In Pennsylvania, a divorce can be filed if one of the spouses has lived in the state for at least six months prior to filing in the county where at least one of the spouses resides. A divorce can be Fault, based upon grounds such as indignities, adultery, cruelty, and desertion, or more commonly, No Fault, either by mutual consent, or unilaterally by one spouse after a two-year separation.
Child Support and Temporary Alimony/Spousal Support
Child and spousal support and temporary alimony may be awarded as determined by the Pennsylvania Support Guidelines, and other applicable law. In addition to other relevant factors, the Guidelines are generally based upon the parties’ net incomes and/or earning capacities.
Marital property is divided at the Court’s discretion, based upon principles of equity, in consideration of the 13 factors cited in the Pennsylvania Divorce Code. Equitable does not necessarily mean equal, and therefore, an unequal percentage distribution between the parties is not uncommon.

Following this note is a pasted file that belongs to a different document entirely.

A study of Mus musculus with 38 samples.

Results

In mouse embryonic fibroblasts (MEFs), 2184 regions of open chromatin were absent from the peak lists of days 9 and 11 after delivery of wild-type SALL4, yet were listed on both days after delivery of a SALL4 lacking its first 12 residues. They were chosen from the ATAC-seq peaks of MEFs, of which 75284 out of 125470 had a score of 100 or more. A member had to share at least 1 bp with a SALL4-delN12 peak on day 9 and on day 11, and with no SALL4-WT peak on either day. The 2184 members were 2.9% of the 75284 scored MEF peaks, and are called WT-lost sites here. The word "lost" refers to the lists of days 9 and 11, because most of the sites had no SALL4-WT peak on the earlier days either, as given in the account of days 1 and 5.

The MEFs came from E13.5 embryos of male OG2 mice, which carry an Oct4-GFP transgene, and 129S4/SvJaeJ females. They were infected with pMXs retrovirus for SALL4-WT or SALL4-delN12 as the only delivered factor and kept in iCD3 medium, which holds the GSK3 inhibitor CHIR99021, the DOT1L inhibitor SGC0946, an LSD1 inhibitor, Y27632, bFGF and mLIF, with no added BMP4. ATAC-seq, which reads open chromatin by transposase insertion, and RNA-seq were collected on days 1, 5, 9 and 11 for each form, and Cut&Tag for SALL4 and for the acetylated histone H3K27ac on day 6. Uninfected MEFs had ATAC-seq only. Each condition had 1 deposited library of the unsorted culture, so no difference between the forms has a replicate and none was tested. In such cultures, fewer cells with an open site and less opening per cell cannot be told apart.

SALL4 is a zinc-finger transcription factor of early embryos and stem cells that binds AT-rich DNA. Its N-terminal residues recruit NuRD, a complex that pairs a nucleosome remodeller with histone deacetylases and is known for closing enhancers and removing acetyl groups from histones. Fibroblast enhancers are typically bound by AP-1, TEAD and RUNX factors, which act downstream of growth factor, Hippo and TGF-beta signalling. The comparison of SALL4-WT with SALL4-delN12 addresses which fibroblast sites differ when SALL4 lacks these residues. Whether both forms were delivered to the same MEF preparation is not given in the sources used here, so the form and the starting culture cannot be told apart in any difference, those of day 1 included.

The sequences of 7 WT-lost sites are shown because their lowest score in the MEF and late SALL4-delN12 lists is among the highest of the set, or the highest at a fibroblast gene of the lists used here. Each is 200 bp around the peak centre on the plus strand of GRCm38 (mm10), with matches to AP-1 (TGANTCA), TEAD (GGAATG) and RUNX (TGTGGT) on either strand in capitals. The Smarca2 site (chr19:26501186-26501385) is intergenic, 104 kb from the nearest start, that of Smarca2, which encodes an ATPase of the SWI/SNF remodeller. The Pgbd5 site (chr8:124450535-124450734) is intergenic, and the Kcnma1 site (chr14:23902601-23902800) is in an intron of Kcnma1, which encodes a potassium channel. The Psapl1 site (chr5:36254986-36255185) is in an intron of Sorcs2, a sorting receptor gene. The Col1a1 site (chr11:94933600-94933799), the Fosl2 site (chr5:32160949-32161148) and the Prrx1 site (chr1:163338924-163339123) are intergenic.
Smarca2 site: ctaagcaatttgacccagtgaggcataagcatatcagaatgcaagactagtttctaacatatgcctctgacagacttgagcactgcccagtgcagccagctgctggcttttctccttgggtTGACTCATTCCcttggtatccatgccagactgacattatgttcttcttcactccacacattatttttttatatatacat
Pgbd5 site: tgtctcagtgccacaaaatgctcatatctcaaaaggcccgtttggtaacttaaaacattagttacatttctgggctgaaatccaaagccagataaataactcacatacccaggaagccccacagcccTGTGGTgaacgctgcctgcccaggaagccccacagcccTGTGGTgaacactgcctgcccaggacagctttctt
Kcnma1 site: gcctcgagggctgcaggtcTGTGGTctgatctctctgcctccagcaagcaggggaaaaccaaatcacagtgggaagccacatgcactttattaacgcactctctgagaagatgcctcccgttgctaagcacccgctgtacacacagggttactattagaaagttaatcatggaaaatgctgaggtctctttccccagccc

Post-divorce payments are permissible, once again at the Court’s discretion, in consideration of 17 factors in the Divorce Code, such as earnings, earning capacities, duration of the marriage and standards of living.
Paramount in most divorces is determination of custody and partial custody of the parties’ children, based upon the best interests of the children, not the parents. Custody encompasses both legal custody, concerning the right to make major decisions for the children, and physical custody, which involves the selected residence of and physical access to the children. In Pennsylvania, grandparents may also be able to enforce custody rights.
Divorce is generally a complex legal process, and therefore the engagement of qualified counsel is essential. In addition to hiring their own attorneys, the parties may also employ an experienced family law attorney to serve as a divorce mediator, which may be helpful in achieving an amicable and less expensive resolution of all issues.
To learn more about the scope of our divorce and family law practice, call us at 610-565-5700 or send us an e-mail. Evening and weekend meetings can be arranged upon request, and we will travel to meet with you, if necessary. We accept Visa and MasterCard.
For questions concerning family law issues or divorce mediation, you can also email Robert M. DiOrio, Esquire, directly at: [email protected].